Bloomberg: Farmers lack the "grey matter" needed in today's tech world

In a bitterly divided America, it takes a special talent to bring together both sides of the political aisle in criticism of a candidate. Michael Bloomberg is one such candidate with that talent. His coastal elitism was on full display when his remarks about farmers at a business school talk in 2016 came back to haunt him last weekend.

Bloomberg was a participant in a Distinguished Speakers Series at the University of Oxford Saïd Business School. A question posed to Bloomberg about the possibility of uniting people in middle America and coastal Americans produced what can be seen as a slam against those of us who live in flyover country. Bloomberg referenced what he sees as an inability of blue-collar workers to adjust to an information economy, even if they are given a subsidized education. For instance, he thinks farmers are dumb. He thinks he can teach anyone to farm, even the tech nerds in his audience.

“The agrarian society lasted 3,000 years and we could teach processes. I could teach anybody, even people in this room, no offense intended, to be a farmer,” Bloomberg said. “It’s a process. You dig a hole, you put a seed in, you put dirt on top, add water, up comes the corn. You could learn that. Then we had 300 years of the industrial society. You put the piece of metal on the lathe, you turn the crank in the direction of the arrow and you can have a job. And we created a lot of jobs. At one point, 98 percent of the world worked in agriculture, now it’s 2 percent in the United States.”

He went on to say, “The skill sets you have to learn are how to think and analyze. You have to have a different skill set. You have to have a lot more grey matter.’ A lot more grey matter. That is pretty clear – farmers do not possess the brain power for the coming technological take-over of our world. He speaks to the challenge of educating students for the future while bringing in a weird guillotine reference. Off with their heads?

“Now comes the information economy and the information economy is fundamentally different because it’s built around replacing people with technology and the skill sets that you have to learn are how to think and analyze, and that is a whole degree level different. You have to have a different skill set, you have to have a lot more gray matter. It’s not clear the teachers can teach or the students can learn, and so the challenge of society of finding jobs for these people, who we can take care of giving them a roof over their head and a meal in their stomach and a cell phone and a car and that sort of thing. But the thing that is the most important, that will stop them from setting up a guillotine someday, is the dignity of a job”

He’s telling farmers to learn to code. What Bloomberg doesn’t realize is that most of them probably already know how, at least to some extent.

It is some breathtaking ignorance being exhibited by Mr. Bloomberg. Has he never been on a farm or spoken to a real life farmer? No wonder he skipped the Iowa caucuses. Does he really think all there is to farming is sticking a seed in the ground and, viola, you’re a farmer? If education is his concern, is he completely unaware of agricultural schools and colleges?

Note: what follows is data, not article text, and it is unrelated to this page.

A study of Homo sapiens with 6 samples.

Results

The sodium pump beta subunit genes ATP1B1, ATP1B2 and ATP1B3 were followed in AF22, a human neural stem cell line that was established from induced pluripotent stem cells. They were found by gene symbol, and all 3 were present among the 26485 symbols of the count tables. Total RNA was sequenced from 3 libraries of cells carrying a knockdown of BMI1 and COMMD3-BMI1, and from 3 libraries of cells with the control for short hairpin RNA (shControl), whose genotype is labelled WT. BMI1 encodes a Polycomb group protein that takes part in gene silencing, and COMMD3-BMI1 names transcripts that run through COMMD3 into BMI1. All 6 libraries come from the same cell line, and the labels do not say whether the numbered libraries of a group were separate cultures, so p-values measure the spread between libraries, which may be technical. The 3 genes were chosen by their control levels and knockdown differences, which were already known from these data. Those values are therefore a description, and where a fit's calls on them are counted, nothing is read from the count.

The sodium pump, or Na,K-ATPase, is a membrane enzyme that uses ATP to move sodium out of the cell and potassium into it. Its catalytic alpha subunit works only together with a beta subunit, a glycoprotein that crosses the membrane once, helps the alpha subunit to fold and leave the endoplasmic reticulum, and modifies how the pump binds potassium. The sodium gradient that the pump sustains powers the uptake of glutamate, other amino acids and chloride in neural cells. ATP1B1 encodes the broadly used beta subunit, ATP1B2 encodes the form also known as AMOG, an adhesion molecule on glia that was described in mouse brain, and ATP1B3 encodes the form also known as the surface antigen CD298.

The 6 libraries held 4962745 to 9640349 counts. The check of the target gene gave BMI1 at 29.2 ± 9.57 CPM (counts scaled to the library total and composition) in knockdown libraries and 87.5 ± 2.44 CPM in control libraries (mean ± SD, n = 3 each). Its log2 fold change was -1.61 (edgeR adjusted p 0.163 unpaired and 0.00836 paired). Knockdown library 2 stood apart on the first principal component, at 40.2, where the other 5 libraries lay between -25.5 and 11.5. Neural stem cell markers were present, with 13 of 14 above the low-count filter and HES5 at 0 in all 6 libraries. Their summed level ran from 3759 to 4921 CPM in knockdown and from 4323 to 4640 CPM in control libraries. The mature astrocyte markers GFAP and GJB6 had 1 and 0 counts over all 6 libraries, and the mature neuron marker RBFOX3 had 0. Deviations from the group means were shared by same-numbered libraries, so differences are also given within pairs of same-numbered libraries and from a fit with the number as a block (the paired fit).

People across the political spectrum weighed in. The Bernie Bros spoke to how out-of-touch Bloomberg sounds, and how often it happens.

“Time and again we see Bloomberg insulting the middle class and the working class, union members and not yet union members,” the organization tweeted. “Maybe it’s time for pundits to stop pretending he’s just another candidate. Bloomberg is an oligarch spending his play money to buy the White House.”

What Bloomberg fails miserably to understand is that farming is much more than planting crops. Successful farming includes chemistry, mathematics, analysis, and botany, as well as technology. Today’s farming is, indeed, high tech and requires both technological skills and critical thinking skills. The heavy equipment used on farms run on computer software to assist farmers.

Bloomberg referenced corn as a crop that “comes up” after planting a seed. Corn, by the way, is not an easy crop to grow. Anyone who has ever tried to grow tomatoes or even flowers for that matter, knows that more goes into a simple backyard garden than just planting seeds. When we grew blueberries in southern Louisiana, my husband and I learned about the balance of limestone traces in the soil, among other things. I’m happy to say we were successful.

Every American owes farmers the utmost respect for providing the food on our tables. I can’t imagine the stress they are under year after year to produce a bountiful crop on such grand levels. Small scale gardens can be frustrating enough, I can’t imagine trying to manage hundreds of acres at a time.

Maybe Bloomberg just felt relaxed at such an elite setting as the University of Oxford and was comfortable enough to expose his true feelings about working-class tradespeople. Apparently, in his mind, they are less than white collar workers. That says more about Michael Bloomberg’s intelligence than that of farmers. He should think about that the next time he sits down for a meal.